A popular outdoor destination for children, college students and nature lovers, this park lies north of Georgetown. Woodlands surround a recreation area with tennis courts, picnic tables and a playground. Special features include a boxwood maze and Lovers Lane, a cobblestone walkway on the west side of the park. To explore more elaborately designed grounds and an elegant estate, visit Dumbarton Oaks next door. Admission is free.
Georgetown Waterfront was an industrial area bustling with lumber and cement factories. However, due to the efforts and suggestions of National Capital Planning Commission Georgetown Waterfront Park has now been developed. The grassy place offers panoramic views of the Kennedy Center and the Key Bridge against the back-drop of the enormous skyline. Visitors to the park can spend their time biking or walking around the park or simply gazing at the spectacular views.
As the nation's capital grew in the mid-19th century, there was an increasing need for more places of worship. St Paul's was first established in 1866 near Washington Circle and remained there until the end of World War II. The parish is noted for being the first Anglican Church in the United States to hold a midnight mass in 1870. It is also the the home of the first vested choir in Washington and the site of the first choral service in the city.
This gorgeous church is a city landmark, tucked away among lovely townhouses in Georgetown and just down the street from Georgetown University. A plaque on the front gate proclaims the church as John F. Kennedy's place of worship during his short tenure as president. The white-columned interior is elegant but not ostentatious, filled with light streaming through enormous stained-glass murals. For either group worship or solitary reflection, the church is a wonderful sanctuary from Georgetown's busy streets.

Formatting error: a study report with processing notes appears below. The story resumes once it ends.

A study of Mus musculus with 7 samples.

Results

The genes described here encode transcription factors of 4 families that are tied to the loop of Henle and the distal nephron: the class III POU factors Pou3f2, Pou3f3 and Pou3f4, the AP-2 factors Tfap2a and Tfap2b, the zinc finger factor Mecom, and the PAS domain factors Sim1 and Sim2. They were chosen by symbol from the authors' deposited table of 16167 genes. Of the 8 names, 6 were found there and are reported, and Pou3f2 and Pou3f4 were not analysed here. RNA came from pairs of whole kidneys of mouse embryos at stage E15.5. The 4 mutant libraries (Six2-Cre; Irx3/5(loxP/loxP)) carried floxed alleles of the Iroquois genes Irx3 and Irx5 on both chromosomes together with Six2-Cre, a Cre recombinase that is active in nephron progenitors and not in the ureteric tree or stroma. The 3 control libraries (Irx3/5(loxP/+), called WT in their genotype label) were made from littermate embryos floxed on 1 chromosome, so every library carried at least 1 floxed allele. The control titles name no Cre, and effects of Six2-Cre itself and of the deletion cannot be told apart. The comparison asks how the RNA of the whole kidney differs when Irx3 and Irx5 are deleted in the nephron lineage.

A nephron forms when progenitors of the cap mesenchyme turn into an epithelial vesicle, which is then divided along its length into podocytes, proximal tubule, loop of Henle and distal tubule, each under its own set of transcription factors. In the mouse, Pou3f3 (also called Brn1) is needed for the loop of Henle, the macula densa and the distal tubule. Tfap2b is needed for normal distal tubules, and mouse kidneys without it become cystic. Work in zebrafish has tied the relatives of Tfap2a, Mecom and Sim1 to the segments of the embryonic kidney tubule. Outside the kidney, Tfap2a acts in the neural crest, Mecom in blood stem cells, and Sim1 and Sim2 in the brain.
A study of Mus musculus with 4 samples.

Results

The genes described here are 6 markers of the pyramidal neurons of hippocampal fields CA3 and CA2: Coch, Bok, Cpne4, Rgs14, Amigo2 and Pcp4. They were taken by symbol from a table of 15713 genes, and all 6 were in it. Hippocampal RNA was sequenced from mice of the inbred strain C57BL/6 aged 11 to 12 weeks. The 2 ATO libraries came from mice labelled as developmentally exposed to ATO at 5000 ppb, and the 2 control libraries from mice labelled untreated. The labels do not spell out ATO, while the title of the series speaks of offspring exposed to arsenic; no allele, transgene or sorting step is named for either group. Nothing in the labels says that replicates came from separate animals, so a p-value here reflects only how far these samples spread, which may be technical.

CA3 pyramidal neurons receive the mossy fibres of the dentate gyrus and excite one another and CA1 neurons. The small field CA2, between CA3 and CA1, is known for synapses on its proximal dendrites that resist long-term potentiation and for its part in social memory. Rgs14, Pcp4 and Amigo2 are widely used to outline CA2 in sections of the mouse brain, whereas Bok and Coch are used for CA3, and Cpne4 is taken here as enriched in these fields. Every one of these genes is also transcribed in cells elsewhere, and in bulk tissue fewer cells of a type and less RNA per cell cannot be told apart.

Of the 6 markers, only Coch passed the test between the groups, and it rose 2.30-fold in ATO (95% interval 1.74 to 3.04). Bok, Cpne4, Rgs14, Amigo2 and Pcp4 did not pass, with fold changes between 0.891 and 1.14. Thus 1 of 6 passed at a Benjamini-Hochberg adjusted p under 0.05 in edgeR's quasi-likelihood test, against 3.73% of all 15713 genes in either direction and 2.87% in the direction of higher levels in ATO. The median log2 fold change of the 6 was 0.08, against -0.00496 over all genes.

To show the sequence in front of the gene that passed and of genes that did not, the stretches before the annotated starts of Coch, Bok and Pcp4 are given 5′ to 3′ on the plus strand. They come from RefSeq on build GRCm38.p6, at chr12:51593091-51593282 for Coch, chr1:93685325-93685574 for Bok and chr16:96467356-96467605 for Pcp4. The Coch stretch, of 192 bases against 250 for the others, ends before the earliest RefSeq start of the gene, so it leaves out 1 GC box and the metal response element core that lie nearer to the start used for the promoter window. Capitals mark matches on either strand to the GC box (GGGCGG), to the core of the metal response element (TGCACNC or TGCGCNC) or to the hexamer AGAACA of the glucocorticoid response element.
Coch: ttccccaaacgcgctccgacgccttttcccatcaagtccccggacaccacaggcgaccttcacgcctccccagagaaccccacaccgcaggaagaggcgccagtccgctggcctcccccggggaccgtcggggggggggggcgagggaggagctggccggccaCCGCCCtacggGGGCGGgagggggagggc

The largest mosque in the United States, the Islamic Center is built with white limestone and has a 162-foot (49-meter) high minaret. Within, stained-glass windows and fine Persian carpets contribute to the mosque's ornate and lavish artistry. In the Center complex, only the mosque is open to the public. Women must wear headscarves and visitors wearing shorts are not admitted. Tours are offered daily.
The Rock Creek Park contains a beautiful wild forest and serves as an oasis for city residents and tourists. Attractions include picnic areas, winding trails and bike paths, a nature center, a public golf course, tennis courts and stables. The centerpiece is a working gristmill, complete with a turning water wheel. Rock Creek Parkway runs alongside the meandering creek. Parts of the road are closed to traffic on weekends and turned over to cyclists and roller bladers. Although the Metro is nearby, a car is required to visit many of the key sites in a single trip. The park is also a popular spot in the winter for sledding, snowballs and other outdoor merriment.
The Dumbarton Oak Park is a public park that includes woodland gardens spread over 27 acres (10.9 hectares) of land. Native as well as exotic flora in the fountain terrace feature wildflowers and shrubs, and this park also has several benches, footbridges and waterfall dams. Its verdant landscape and natural surroundings make it a must visit when in the city.